David and Goliath: the GDPR and regulating the data-centric society

One year from the direct applicability of the new European Privacy Regulation…

“Regulating the internet giants: The world’s most valuable resource is no longer oil, but data” published in the May 6th 2017 edition of The Economist explains the enormous power that Internet companies have due to their control over data.  It rightly describes that “[q]uantity has a quality all its own” by arguing that data is ever-more valuable, pushing more traditional industries to become data firms. 

The article outlines two principles for consideration, calling for traditional antitrust rules to be updated taking into account data assets in the impact assessments of mergers and acquisitions while increasing transparency and thus giving more control to users, those who provide the very economic lifeblood of these companies.  I suggest, however, the addition of a third fundamental principle to be considered in the data society: Corporate Social Responsibility through Data Protection. 

Look at recent developments like the of Digital Out-of-Home advertising. The world of advertising has made incredible progress thanks to the digitalization of something as simple as the billboard.  Consumers are constantly bombarded with strategic advertisements not only on their personal devices but also by way of digitalised billboards and screens in public spaces that are capable of measuring impact and driving ROI.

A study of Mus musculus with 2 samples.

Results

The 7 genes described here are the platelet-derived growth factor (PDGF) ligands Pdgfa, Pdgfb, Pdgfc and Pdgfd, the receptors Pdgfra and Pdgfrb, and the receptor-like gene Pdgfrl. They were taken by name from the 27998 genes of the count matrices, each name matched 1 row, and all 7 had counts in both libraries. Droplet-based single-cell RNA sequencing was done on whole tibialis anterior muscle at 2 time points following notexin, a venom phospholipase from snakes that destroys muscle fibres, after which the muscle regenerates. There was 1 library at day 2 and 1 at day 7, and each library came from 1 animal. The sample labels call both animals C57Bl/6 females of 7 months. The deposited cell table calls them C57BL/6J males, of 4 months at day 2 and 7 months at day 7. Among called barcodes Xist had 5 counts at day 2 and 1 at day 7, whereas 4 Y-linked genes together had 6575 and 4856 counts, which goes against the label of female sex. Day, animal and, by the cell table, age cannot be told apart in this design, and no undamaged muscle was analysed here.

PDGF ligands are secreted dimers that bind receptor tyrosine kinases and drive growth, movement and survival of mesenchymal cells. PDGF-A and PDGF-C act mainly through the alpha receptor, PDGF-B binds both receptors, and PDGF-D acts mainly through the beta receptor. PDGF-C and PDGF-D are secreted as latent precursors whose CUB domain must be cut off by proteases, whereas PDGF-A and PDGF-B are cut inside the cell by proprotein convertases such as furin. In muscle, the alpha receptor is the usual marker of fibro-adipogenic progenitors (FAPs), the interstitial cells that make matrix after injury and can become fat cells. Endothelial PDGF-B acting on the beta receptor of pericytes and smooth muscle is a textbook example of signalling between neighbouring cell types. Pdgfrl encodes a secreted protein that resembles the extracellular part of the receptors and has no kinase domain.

No present or forthcoming legal framework (whether it be new competition rules or the EU’s much-discussed General Data Protection Regulation, which will apply one year from today in 25 May 2018) will ever be able to effectively regulate our data-centric society while also perfectly maximizing the benefits for citizens and effectively minimizing risks. Regulators and institutions can no longer be the police of the Internet. The time when companies were able to consider fair competition practices and data protection as mere legal compliance obligations is of the past. Instead, in this data-centric world businesses need to consider fair practices, privacy, and data protection as assets that can help them to responsibly further their economic targets.  It’s time for companies to actively take responsibility in the data-centric society.